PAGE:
Thursday, March 12, 2009

Overbury Overdrive, pt. 3: The (modern day) back-story

Here is a fascinating interview Channel 4 (UK) did with the family owner of the Cobbe portrait of "Shakespeare," the art restorer Alec Cobbe. An affable chap. After the 35 minute mark, the interviewer asks a few questions about the possible Thomas Overbury identification. And Cobbe says, essentially, that facial features can't be used to identify a sitter in a portrait.

But rewind the tape by about ten minutes, and there's Cobbe arguing for his portrait being a "Shakespeare" portrait by appealing to the similarities between his painting and the Droeshaut engraving of Shakespeare.

So there you have it. It can when you want it to, but it can't when you don't.


3 comments:

Sabrina said...

The portrait looks even more like Richard Sackville than it does like Overbury, as someone pointed out on another website.

http://www.diar.ru/marianna/photos/portret/england/Richard_Sackville_e_Dorset_Larkin_1613.jpg

Mark said...

Here, Sabrina, is a good high-resolution image of Richard Sackville. (http://tinyurl.com/aubs7s)

Zoom in on Sackville's face. There's a mild resemblance to the Cobbe portrait yes: The eyes are certainly similar. But the nose (Sackville's is more bulbous), the cheekbones (Sackville's higher), the lips (Sackville's upturned at the edges), the ears... all are strikingly different from the Cobbe.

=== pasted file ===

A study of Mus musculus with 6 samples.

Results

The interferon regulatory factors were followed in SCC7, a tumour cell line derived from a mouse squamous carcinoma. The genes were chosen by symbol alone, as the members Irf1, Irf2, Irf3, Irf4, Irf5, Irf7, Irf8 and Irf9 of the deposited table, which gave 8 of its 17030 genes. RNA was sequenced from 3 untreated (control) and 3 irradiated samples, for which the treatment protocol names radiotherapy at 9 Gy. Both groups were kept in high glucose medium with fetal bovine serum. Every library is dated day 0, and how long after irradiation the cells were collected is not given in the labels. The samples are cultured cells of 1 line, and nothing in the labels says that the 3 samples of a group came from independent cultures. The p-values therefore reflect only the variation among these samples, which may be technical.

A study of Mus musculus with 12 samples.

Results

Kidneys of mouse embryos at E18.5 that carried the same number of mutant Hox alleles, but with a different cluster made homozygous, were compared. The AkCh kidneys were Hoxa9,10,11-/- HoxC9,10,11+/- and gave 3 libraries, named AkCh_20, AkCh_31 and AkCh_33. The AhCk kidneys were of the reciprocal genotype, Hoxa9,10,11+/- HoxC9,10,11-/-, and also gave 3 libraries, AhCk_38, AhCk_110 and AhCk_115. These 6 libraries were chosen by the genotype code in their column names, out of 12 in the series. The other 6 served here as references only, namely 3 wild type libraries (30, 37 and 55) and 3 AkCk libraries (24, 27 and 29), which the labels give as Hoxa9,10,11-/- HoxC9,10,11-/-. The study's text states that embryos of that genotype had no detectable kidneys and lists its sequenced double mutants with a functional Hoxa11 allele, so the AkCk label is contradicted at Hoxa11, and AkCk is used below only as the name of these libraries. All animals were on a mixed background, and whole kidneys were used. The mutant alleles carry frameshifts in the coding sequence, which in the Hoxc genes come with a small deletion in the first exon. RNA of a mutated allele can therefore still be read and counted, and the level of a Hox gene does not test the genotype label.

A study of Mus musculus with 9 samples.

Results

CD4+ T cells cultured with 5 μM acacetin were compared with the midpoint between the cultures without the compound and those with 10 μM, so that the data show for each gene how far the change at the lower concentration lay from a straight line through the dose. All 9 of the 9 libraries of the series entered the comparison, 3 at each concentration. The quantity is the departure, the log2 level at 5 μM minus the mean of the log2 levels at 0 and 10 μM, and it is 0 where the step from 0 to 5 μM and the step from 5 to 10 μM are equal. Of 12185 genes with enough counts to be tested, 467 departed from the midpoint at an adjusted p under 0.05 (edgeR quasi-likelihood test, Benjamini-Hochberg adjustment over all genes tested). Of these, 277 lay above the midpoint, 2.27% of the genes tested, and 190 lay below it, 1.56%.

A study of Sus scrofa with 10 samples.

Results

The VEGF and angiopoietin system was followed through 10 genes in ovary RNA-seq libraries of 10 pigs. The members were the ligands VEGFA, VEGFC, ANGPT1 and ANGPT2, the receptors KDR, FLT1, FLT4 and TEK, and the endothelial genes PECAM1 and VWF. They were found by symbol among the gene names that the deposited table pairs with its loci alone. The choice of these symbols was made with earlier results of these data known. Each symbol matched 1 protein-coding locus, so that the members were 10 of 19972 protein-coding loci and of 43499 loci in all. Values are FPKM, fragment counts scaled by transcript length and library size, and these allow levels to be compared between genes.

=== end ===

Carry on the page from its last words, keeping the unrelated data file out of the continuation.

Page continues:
Sackville was an interesting figure in his own right at James's court, certainly. But he wasn't the sitter for the Cobbe portrait.

John in Berkeley said...

It’s important to recognize that the motto on the Cobbe portrait of Overbury--“principum amicitias!”-- alludes to the complete phrase “gravisque principum amicitias” from Horace, Bk. II, Ode I. I’ve seen some translations on the web that render the motto “Beware…”, and the rationale for it is clear from the phrasal, and textual context.

Here’s Horace:

Motum ex Metello consule civicum / Bellique causas et vitia et modos / Ludumque Fortunae gravisque / Principum amicitias et arma / Nondum expiatis uncta cruoribus, / Periculosae plenum opus aleae, / Tractas et incedis per ignes / Suppositos cineri doloso.

And here’s a web translation from 2003, posted by A. S. Kline:

You’re handling the Civil Wars, since Metellus / was Consul, the causes, errors, and stages, / Fortune’s game, and the heavy friendships / of princes, and the un-expiated / stain of blood over various weapons, / a task that’s filled with dangerous pitfalls, / so that you’re walking over embers / hidden under the treacherous ashes.

Another translation I consulted rendered the phrase as “disastrous leagues,” which has a nice Shake-spearean ring to it, however inappropriate to the man from Stratford, and appropriate to Thomas Overbury.

For those who care, note that the word is gravīs (long ī), a poetic alternate for f.pl.acc. gravēs, modifying amicitias, “friendships, alliances.” Second, note that the connotations of gravīs here are quite negative, as in “grave,” “oppressive,” or “noxious”—rather than “important,” “mighty,” or “venerable” (hence the addition of “Beware…!). Finally, note that the motto must be read as an allusion to the passage from Horace, i.e. that it can’t stand alone, since it preserves the oblique (accusative) inflections of the original. So don’t let anyone suggest to you the motto means “The alliances of princes (is a great thing to enjoy)”!